The health effects of coffee are still up for debate, but an organic chemist is doing his part to make sure your morning cup has benefits that go well beyond the caffeine boost. University of New Hampshire professor Glen Miller has just unveiled coffee that's infused with the same antioxidant that's earned red wine the reputation of being heart-healthy, the Portland Press Herald reported Monday.
Each cup of CoffVee contains as much of the antioxidant as one glass of red wine
Called CoffVee, the Arabica beans are infused with resveratrol during the roasting process; Miller confirmed to Eater that each resulting cup of coffee contains as much of the antioxidant as one glass of red wine. Resveratrol is a polyphenol found in the skins of grapes; numerous studies have been conducted on the substance in recent decades and it's been linked to the prevention of cancer, heart disease, and neurodegenerative diseases like Alzheimer's, as well as shown to have anti-depressive effects.
Over the past several years, many resveratrol-infused beauty products from eye cream to lipstick have been introduced in the hopes that the benefits can also be absorbed through the skin — but ingesting it orally is a tried-and-true way to get the antioxidant boost. "While I like red wine and feel good about consuming it in moderation, I wondered if it would be possible to impart other drinks with the same heart-healthy attributes via resveratrol," he tells Eater. "I considered many drinks but chose coffee for a number of reasons. One, 82 percent of all U.S. adults drink coffee; two, the average coffee drinker consumes 3.1 cups per day; three, coffee is a $40 billion dollar a year market, and growing; four, resveratrol is tasteless and therefore will not alter the taste (nor the appearance/color) of coffee."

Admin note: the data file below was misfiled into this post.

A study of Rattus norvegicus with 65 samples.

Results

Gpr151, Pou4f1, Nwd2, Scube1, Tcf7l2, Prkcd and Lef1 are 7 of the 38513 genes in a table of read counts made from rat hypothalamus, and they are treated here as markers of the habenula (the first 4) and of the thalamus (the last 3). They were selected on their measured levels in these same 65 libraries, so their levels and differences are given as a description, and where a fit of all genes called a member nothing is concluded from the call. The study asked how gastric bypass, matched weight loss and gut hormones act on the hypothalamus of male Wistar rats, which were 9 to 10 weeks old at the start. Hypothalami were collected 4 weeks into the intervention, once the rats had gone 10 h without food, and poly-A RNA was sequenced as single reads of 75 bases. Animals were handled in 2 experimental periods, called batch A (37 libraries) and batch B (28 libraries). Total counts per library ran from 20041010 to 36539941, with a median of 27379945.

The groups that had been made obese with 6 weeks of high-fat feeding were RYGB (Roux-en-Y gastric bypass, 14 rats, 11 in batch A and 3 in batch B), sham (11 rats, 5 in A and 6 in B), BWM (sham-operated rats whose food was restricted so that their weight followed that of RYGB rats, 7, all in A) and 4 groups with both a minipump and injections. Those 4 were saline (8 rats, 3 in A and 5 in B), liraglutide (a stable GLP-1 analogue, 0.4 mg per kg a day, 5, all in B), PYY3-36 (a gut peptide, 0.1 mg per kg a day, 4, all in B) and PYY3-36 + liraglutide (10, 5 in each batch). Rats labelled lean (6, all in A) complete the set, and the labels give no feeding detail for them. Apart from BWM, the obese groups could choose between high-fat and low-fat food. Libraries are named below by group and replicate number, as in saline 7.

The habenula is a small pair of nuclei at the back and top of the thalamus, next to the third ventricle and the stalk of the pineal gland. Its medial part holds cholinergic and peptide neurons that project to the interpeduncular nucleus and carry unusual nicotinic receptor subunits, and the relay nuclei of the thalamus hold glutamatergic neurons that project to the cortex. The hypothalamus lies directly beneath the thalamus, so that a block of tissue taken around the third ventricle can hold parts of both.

Perhaps surprisingly, Miller isn't charging a super-premium price for his new product: CoffVee will run you $14.95 for a 14-ounce bag. (For comparison's sake, most of the beans sold at Starbucks cost between $11.95 and $14.95 per 16-ounce bag.)
Miller wouldn't discuss the process he uses to infuse the beans, saying, "The infusion process is our proprietary technology," but he does say resveratrol-infused tea may be yet to come. In the meantime, he says his e-commerce site has been flooded with orders for CoffVee since news of the product hit the internet earlier this week.
But even those who drink neither coffee nor wine still have choices when it comes to sipping beverages high in antioxidants: Medicinal mushroom tea (not the magical kind) is an option, as is matcha.